Transgender rights and equality
The debate about the rights of transgender people is becoming very polarised. As Cabinet Secretary for Equalities, I have a duty to try to change that and to encourage respectful debate. Setting out my own views and feelings on the matter – while trying to better understand those of others – is a first step.
I am a strong supporter of trans rights and equality. I have met too many trans men and women, particularly young people, who struggle on a daily basis just to feel safe, secure and accepted for who they are, for me to be anything else. The hurdles they face and the damage they often suffer is immense. I want Scotland to be a place where we work to put that right, a country where they do feel safe, secure and accepted. So, I have no hesitation in calling myself a trans ally – and I hope trans women and men see me that way too.
But I am also a woman and a lifelong, passionate feminist – and I know that while the battle for women’s rights and equality has made great strides in recent years, there is still much more to do. I also know that, at times, the progress already made can feel fragile.
Just as the First Minister has herself said in the past, I personally don’t feel conflict between my support for trans rights and my support for women’s rights.
But I know that some do feel that conflict – and that the issues they are raising are not motivated by transphobia but by a concern, sincerely felt, that space hard won by women down the generations will be compromised.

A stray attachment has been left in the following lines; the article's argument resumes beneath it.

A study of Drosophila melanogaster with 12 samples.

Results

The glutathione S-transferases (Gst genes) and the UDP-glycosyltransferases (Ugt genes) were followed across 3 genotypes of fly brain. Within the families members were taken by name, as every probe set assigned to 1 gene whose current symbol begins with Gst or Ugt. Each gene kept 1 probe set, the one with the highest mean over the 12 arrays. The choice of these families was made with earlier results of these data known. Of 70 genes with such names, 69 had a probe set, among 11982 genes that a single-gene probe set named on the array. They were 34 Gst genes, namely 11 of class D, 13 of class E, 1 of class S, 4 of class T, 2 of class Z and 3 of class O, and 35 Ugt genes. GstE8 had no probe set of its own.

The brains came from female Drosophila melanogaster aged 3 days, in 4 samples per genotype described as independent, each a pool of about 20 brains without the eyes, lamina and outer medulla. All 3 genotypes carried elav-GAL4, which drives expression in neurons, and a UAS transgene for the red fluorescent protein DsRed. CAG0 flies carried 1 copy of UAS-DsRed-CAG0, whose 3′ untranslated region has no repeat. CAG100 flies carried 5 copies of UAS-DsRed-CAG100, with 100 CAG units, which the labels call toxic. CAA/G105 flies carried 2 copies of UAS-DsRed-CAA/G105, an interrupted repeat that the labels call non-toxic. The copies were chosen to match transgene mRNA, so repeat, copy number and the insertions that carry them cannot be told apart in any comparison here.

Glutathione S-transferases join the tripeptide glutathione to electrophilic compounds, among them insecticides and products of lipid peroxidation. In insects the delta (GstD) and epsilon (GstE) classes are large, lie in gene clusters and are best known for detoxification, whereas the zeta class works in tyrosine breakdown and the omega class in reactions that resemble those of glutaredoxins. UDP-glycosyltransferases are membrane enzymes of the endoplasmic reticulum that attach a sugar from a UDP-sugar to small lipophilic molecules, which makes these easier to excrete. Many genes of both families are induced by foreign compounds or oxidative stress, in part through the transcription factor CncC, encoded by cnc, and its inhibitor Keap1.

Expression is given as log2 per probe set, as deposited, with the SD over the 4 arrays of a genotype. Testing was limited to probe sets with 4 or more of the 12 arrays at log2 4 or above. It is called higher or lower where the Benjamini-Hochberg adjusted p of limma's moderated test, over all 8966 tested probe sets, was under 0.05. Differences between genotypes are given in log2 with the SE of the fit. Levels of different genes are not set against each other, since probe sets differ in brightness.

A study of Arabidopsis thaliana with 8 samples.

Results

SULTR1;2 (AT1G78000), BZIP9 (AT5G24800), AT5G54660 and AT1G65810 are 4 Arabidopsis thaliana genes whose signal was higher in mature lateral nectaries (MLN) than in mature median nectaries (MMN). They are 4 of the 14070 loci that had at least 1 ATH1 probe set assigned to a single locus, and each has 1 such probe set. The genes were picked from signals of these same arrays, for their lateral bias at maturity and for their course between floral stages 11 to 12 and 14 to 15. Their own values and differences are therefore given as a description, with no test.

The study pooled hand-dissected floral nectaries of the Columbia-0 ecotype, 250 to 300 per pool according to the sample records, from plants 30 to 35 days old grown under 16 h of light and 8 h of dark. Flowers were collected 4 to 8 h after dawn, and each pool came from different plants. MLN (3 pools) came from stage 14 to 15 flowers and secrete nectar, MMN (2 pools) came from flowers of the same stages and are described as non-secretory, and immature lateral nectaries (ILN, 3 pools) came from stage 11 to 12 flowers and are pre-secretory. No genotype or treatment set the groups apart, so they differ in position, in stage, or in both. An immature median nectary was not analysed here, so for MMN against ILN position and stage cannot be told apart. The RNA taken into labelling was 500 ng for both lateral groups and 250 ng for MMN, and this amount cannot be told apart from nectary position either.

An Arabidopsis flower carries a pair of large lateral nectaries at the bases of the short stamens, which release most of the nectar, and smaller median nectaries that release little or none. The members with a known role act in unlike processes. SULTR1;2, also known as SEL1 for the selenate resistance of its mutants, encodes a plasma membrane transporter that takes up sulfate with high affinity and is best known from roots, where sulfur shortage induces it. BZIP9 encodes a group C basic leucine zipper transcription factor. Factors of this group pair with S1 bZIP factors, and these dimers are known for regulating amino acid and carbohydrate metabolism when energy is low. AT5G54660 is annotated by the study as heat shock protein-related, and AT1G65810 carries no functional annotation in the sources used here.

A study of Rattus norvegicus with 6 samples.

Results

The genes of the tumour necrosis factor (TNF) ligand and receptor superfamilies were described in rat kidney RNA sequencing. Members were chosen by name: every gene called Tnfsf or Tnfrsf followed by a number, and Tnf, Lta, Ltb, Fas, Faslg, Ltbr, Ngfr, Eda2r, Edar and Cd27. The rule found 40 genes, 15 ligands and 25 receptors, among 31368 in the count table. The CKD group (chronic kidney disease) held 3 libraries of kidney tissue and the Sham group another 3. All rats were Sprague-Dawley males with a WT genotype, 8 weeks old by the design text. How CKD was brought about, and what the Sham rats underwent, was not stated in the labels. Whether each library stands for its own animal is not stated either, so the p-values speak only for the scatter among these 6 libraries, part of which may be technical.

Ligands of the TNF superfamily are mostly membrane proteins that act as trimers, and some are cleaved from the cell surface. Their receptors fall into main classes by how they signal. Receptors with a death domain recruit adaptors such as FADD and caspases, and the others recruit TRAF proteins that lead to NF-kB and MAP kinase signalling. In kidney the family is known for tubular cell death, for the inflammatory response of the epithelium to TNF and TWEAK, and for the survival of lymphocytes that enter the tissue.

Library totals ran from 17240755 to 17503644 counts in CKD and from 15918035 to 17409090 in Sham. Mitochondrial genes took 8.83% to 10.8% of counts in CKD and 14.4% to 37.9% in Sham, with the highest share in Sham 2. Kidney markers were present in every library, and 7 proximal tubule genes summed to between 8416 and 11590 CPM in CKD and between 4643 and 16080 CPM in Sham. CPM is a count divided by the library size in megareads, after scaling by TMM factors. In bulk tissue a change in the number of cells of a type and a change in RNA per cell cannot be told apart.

Government has a duty to understand and seek to address the concerns being raised. This is something I have sought to do since taking this post and to which I commit to continue to do.
There is always a danger in over-simplifying complex issues and I am not intending to do so, but it strikes me in listening to some of the concerns raised that, at their core, it is not so much a problem with the rights of trans women but instead a fear of men who abuse women.
The fear is that some men will use trans equality as a Trojan horse to access women and do us harm.
And I understand that. But it means the problem we face is not one of trans women wanting to feel safe and accepted – it is one of how we protect and safeguard women against potentially abusive men. That’s not a new problem in Scottish or global society – nor is it one created by trans women.
If we are able to appreciate this and other perspectives, I believe we can work through many of these issues, address the concerns that are being raised, and make Scotland a place where everyone can feel safe. And do so while standing full square behind the rights of trans men and women not to be discriminated against.
It is also important to point out that Scotland would not be any kind of pioneer in this work, we would simply be catching up with changes that many other countries, including Ireland, have already made.
My last point is this. As I said earlier, people raising genuine concerns about women’s rights shouldn’t suffer knee jerk accusations of transphobia.
However, it is also impossible to deny that there is a considerable degree of transphobia in our society.
I hope, therefore, that – whatever views any of us may hold on the relationship between trans rights and women’s rights – we will all unite against transphobia, just as we do against homophobia and any other form of prejudice and discrimination.
Trans men and women are amongst the most stigmatized groups in our society. They deserve to know that their government is working to change that.